Baked Chinese New Year Cake

Chinese New Year is right around the corner.  This year its just me and my boyfriend celebrating together.  My mom has yet again gone on her vacation and to represent our family for my cousin’s wedding in Australia.  Fun times, right?

Before she left, I asked her to leave me the recipe for this wonderful little dessert that we have to ring in the New Year’s.  Just saying, this weekend will most probably be the first recipe up for A Bite of China project. I added the link there so you can check it out.  We are going to ring in the Year of the Snake in style 🙂

For now, we start with my attempt at this delicious dessert:


Before I tell you more, here is the recipe:



1 bag (400g) White Glutinous Rice Flour

2 1/4 cups Milk (but I used water)

2/3 cup cooking oil

1 1/3 cups sugar (I only used 1 cup)

1 tsp baking powder

3 small eggs (or 2 large)


1 cup Coconut flakes (I used coconut shreds)

some Toasted Sesame Seed (skipped these)

Right out of the oven, it tends to be puffy but it will go back down as it cools down

Right out of the oven, it tends to be puffy but it will go back down as it cools down


1) Mix above 6 ingredients in a large bowl.  Use electric mixer to beat 3-5 minutes at slow/medium speed and 5-7 minutes at high speed until bubbles formed.  Add coconut flakes

2) Pour the cake mixture into a baking pan lined with parchment paper or non-stick spray to prevent cake sticking to the bottom of the pan.  Sprinkle toasted sesame seeds on top of the cake (if you desire).

3) Put the pan in a preheated oven at 350F and bake for 40-45 minutes or until the top of the cake turns golden.

4) Cut the cake after cooling at least 10 -15 minutes.


If you look at the ingredients, you’ll see what changes I made.  Just a confession (and I blame it on fatigue and stress), instead of baking powder, I used baking soda.  However, it did turn out pretty decent. I figure it might change the consistency a bit.  Just be super attentive if you do that that the glutinous rice flour doesn’t get stuck at the bottom of the large bowl.  That happened to me and the electric mixer just doesn’t go that far so remember to scrape the bottom a bit to make sure you get it mixed thoroughly.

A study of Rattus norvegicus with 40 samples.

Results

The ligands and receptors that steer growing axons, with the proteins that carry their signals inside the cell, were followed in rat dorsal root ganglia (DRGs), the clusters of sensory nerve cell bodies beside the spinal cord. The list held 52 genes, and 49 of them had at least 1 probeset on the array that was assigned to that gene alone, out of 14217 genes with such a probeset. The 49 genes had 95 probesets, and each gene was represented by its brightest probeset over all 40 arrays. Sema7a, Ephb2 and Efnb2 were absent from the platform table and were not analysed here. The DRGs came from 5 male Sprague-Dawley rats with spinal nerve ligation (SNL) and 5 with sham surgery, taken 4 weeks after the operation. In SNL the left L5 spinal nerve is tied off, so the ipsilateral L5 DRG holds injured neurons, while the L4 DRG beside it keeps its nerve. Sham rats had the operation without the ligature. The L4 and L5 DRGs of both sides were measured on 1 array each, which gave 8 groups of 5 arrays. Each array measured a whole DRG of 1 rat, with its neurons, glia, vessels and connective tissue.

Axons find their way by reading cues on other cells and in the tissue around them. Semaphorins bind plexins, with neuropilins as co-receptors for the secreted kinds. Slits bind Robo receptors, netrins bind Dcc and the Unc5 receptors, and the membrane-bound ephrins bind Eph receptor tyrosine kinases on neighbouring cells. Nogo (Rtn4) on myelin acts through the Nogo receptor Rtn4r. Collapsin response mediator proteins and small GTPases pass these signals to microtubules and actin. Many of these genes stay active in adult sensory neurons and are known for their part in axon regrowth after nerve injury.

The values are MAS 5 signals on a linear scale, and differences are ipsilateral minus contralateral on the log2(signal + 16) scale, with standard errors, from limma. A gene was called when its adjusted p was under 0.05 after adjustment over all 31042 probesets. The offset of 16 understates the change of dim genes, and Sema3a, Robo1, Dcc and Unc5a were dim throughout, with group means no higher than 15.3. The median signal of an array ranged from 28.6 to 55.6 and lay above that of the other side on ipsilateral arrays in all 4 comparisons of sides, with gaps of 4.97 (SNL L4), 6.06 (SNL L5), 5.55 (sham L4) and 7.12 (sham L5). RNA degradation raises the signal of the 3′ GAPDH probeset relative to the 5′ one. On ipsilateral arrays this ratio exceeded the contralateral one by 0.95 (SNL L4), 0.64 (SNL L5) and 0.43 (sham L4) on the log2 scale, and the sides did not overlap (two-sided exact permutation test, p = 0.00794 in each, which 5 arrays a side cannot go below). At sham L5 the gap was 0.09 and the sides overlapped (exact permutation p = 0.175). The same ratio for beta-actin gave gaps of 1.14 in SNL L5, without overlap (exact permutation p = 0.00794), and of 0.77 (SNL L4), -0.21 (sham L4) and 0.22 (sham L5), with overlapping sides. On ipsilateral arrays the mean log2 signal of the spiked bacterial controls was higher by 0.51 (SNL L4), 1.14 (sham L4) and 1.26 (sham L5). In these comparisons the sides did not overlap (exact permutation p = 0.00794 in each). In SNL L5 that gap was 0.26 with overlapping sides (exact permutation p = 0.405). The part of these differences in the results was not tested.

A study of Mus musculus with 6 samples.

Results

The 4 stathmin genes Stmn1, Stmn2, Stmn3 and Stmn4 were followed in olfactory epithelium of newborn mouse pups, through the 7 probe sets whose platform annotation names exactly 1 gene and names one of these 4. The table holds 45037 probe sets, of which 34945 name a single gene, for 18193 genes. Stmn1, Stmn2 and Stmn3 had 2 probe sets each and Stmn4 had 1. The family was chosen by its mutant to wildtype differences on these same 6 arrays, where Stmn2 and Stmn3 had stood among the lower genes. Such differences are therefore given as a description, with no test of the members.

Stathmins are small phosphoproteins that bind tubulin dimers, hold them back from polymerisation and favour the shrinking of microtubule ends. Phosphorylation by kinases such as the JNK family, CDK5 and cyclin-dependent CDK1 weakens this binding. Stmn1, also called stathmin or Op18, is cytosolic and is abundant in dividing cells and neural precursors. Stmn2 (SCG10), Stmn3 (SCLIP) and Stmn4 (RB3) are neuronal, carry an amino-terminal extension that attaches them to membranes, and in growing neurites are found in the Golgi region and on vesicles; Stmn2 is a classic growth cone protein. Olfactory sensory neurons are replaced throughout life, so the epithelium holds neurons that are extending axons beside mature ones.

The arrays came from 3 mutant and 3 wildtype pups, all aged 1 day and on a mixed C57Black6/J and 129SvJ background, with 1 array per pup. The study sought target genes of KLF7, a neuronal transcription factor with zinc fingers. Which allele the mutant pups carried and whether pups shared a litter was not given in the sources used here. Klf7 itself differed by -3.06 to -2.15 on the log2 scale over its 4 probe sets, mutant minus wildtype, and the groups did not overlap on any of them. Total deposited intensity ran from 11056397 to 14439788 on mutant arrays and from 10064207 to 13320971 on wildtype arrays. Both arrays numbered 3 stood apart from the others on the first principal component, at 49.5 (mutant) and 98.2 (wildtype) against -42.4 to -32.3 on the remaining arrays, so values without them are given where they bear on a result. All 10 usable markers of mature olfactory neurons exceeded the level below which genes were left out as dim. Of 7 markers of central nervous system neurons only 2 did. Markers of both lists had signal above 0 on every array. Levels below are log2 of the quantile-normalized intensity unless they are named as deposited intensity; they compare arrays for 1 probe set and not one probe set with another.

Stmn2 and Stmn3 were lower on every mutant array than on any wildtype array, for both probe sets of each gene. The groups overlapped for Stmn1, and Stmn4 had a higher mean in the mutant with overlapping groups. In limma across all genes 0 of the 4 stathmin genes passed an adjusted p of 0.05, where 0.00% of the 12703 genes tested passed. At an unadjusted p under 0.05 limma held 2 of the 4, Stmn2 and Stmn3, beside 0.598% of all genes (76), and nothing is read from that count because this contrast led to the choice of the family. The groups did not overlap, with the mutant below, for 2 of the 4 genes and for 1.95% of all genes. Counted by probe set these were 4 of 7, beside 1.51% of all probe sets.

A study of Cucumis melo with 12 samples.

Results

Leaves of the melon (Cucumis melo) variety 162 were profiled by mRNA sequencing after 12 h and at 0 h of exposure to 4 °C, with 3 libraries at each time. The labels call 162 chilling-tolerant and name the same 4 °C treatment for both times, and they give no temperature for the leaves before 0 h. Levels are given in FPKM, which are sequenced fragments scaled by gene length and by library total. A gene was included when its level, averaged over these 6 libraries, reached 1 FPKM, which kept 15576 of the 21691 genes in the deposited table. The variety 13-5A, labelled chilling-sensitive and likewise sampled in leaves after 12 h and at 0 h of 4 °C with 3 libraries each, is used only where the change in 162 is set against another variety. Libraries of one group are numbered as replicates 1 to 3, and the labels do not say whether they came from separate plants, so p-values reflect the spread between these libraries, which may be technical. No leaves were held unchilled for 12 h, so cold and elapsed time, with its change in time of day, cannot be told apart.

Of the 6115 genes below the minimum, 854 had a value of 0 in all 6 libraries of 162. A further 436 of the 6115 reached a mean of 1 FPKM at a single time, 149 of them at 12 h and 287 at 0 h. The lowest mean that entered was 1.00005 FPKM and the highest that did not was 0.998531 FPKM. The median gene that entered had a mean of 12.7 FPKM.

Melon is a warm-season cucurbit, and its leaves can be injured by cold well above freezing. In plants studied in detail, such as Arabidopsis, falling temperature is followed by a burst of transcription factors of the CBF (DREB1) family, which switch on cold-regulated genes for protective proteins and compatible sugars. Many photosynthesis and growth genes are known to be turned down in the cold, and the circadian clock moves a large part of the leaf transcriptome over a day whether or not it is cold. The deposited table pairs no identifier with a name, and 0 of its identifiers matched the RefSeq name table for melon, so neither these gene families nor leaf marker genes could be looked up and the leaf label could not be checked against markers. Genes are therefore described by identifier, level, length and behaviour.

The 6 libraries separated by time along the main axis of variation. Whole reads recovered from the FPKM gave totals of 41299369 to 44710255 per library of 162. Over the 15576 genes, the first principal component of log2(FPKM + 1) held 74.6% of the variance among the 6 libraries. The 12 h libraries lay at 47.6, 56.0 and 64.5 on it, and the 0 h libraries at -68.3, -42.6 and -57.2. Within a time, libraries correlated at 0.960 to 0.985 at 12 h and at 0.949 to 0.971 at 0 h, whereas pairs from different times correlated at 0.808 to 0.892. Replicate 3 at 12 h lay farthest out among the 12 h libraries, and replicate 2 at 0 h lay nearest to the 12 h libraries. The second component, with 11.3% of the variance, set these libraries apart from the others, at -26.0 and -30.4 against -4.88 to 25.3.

Also, stick with non stick spray or oil to prevent the cake from sticking to the baking pan.  I was trying out parchment paper for the first time and the glutinous rice flour has that name because it gets very sticky and it just stick onto the parchment paper as I tried to cut a piece out.  Ended up sitting there peeling off the little pieces of parchment paper before I could taste it.  Just warning you to save you the hassle.

As for the taste, despite all my little changes, I may have taken away the sugar but adding the coconut shreds (which my mom doesn’t do) helped compensate for that and gave it a nice texture to bite into.  Definitely going to try it another time WITH BAKING POWDER this time and probably will post an update at the bottom.

Do you enjoy trying food or desserts from other cultures? Which ones do you like? Any recommendations?

26 thoughts on “Baked Chinese New Year Cake

  1. I loved Indonesian desserts when I lived there. One of my favorites is made from rice flour balls with a red sugar center. You boil it and then roll it in coconut. When you eat it, you get a sugar rush.


    • Thanks Jonathan! 🙂 Always so full of compliments!
      I am more a baker learning how to cook, plus a baker/cook before I was a movie “critic” 😉
      I’m working on it and I’m glad you enjoy it. I take recommendations and suggestions of recipes and/or movies so if there’s anything you want me to try it, just send it over and I’ll give it a shot 🙂


    • It is very different! One of the reasons why I’ve been wanting to explore Chinese cooking..especially Chinese desserts. This is probably the simplest form but I have a few others planned..just might need my mom to give me some pointers..haha!